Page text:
A task force created under a new law will help address gaps in surveillance of mosquito-borne illnesses, a step that the state’s epidemiologist described as key as eastern equine encephalitis virus returns to the region.
EEE outbreaks tend to occur in two- to three-year cycles in Massachusetts, and after a record 2019 outbreak, Massachusetts again faces a risky year for the rare but dangerous arbovirus.
Under a bill (S 2757) Gov. Charlie Baker signed in July, officials will convene a panel — set to launch this week — aimed at improving statewide monitoring of how mosquito-borne viruses are transmitted and updating notifications provided about aerial spraying.
Dr. Catherine Brown, state epidemiologist and veterinarian, told the Public Health Council on Wednesday that the law will help address the fact that wide swaths of the state lack mosquito control districts, which limits the amount of data that public officials have as they work to limit the spread of the illness.
“We have these large parts of the state where there is no mosquito control district, and what is most concerning about that from a public health standpoint is it puts the burden of surveillance entirely on the state,” Brown said. “We have less data from those areas than we do from places where mosquito control districts exist. This is an opportunity to really be thoughtful about what is needed in the state now that we are seeing EEE activity outside the historic hotspot of southeastern Massachusetts.”
As of Wednesday, eight communities are at high or critical risk for EEE this year, all in southeastern Massachusetts: Wareham, Plympton, Kingston, Halifax, Rochester, Bridgewater, Middleborough and Carver
Baker administration communications officials were unable to provide a list of task force members Wednesday, but the legislation calls for a panel including several state officials: the energy and environmental affairs secretary, public health commissioner, commissioner of agricultural resources, commissioner of conservation and recreation, commissioner of environmental protection, and director of fisheries and wildlife — or any of their designees — as well as two appointees from the State Reclamation and Mosquito Control Board.
They will be tasked with recommending “comprehensive reforms of the commonwealth’s mosquito control system.”
EEE infections in humans are rare, but dangerous. The mortality rate is typically around 30 percent but has reached 50 percent in Massachusetts, Brown said, and among patients who recover, as many as four out of five suffer permanent neurological damage.
Last year was the most active EEE season on record since 1956, with 12 confirmed human cases and six deaths linked to the virus.
Public health officials have confirmed a single case in 2020, but Brown warned that August is typically the most active month for transmission and that the first observed case came earlier than in prior seasons — a worrying sign about what this year could have in store.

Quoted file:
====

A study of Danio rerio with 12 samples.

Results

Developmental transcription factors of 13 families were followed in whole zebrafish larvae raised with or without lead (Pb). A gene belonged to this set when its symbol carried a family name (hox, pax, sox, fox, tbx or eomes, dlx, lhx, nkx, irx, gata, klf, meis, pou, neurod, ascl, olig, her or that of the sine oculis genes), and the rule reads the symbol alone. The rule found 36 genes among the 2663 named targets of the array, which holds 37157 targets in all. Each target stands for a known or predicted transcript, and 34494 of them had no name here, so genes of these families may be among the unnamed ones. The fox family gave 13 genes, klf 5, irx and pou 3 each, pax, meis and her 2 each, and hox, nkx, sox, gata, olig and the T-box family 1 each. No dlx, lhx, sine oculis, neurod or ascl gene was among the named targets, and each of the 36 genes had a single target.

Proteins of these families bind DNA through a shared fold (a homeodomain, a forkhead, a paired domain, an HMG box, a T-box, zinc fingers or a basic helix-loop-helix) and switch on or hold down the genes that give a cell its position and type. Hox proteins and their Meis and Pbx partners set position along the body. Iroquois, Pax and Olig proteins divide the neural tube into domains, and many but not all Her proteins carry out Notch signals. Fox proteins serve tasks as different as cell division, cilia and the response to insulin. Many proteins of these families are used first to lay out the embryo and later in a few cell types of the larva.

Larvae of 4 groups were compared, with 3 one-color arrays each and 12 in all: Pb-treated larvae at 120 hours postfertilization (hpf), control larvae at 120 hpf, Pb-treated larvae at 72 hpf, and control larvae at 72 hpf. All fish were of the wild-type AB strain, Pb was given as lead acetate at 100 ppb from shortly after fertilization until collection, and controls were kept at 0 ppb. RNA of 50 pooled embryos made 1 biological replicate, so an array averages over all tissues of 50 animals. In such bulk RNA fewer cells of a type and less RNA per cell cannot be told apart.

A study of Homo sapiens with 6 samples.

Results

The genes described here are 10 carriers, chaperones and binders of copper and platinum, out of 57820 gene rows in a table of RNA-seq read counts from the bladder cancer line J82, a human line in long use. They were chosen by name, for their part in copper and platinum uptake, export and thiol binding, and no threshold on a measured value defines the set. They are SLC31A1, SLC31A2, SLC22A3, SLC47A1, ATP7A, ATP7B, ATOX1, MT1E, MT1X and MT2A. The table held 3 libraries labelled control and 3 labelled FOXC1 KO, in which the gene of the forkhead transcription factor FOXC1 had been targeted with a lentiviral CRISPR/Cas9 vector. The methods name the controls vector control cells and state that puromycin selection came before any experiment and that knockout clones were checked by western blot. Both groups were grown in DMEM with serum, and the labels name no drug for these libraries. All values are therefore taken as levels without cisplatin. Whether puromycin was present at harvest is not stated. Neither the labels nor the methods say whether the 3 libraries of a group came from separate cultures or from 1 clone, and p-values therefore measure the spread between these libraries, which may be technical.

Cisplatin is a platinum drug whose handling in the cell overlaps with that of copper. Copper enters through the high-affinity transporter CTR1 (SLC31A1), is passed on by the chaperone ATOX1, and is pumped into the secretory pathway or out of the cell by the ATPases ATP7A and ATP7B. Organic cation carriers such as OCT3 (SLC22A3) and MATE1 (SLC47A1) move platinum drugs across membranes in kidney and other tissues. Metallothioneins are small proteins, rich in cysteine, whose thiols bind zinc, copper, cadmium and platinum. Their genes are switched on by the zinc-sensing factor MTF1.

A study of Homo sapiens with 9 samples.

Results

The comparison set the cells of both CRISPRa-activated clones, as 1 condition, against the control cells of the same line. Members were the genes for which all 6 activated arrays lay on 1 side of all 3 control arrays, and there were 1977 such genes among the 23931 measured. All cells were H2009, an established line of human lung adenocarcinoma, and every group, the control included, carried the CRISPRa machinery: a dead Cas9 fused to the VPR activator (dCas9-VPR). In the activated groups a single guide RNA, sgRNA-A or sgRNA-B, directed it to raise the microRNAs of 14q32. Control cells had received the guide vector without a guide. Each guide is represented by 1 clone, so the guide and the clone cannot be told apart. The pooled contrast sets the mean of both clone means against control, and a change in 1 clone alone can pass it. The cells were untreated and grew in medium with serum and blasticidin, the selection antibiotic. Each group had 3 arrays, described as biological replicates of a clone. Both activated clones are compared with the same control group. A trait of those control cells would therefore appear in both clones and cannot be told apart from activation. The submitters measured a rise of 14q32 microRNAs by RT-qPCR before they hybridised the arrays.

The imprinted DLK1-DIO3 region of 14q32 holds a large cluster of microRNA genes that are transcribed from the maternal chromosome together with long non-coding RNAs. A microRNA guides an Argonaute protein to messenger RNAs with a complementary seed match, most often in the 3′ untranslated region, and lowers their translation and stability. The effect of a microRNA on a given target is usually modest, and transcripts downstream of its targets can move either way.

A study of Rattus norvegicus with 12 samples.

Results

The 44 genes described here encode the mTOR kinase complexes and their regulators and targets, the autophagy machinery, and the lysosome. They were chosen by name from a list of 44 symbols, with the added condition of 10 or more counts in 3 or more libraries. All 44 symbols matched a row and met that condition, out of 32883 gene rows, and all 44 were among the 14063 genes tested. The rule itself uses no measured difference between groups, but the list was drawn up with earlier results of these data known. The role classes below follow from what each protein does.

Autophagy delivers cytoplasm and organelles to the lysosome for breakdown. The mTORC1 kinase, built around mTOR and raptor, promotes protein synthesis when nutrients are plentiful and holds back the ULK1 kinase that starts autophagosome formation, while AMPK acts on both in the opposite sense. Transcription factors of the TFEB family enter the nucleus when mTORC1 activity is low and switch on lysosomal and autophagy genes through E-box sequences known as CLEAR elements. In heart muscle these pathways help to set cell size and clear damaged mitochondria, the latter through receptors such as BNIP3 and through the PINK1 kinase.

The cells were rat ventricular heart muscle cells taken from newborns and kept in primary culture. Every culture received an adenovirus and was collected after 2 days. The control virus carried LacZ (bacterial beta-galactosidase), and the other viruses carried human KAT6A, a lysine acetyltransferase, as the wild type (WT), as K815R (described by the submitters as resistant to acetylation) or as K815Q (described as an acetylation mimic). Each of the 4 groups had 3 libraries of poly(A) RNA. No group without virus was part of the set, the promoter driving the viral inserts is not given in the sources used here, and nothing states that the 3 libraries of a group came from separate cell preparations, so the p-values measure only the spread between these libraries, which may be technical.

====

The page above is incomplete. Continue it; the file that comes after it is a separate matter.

“If you have it spread to a human earlier in the season, that is concerning because you know you have this long period of time for risk to build,” she said.
However, she stressed that one season’s pattern does not always reflect the next. While the cases started earlier this summer than last year, risk levels also appear to be more confined to hotspots near swampy areas, particularly in Plymouth County, than last year’s widespread threat.
“If you’ve seen one EEE season, you’ve seen one EEE season,” Brown said. “We learn from every single one, but there are variations in the complex ecology of EEE every year that mean we have to be thoughtful and to really pay attention to what’s happening.”
Compared to previous years, Massachusetts has not observed “intense” threats from West Nile virus, the other major mosquito-borne illness that afflicts the state, according to Brown.
The mosquito season arrives as the state continues to grapple with the COVID-19 pandemic, creating overlapping challenges for public health experts and simultaneous messages of caution for residents.
State-run crews performed a round of aerial spraying in southeastern Massachusetts communities facing risks starting earlier this week, and health officials also plan to increase public awareness campaigns encouraging Bay Staters to take ample precautions such as mosquito-proofing homes and wearing long sleeves.
“In the highest-risk areas, there is a recommendation to avoid outdoor activity from dusk to dawn,” Brown said. “It doesn’t mean avoiding outdoor activity completely. With COVID, we’ve been telling people we want them outside. It’s merely that you should shift your outdoor activity to daylight hours when the mosquitoes most likely to carry EEE are less active.”
Baker and Public Health Commissioner Monica Bharel flagged concerns last month to get the word out early, before the updated mosquito control bill became law. The new task force created by the law scheduled its first meeting for Friday.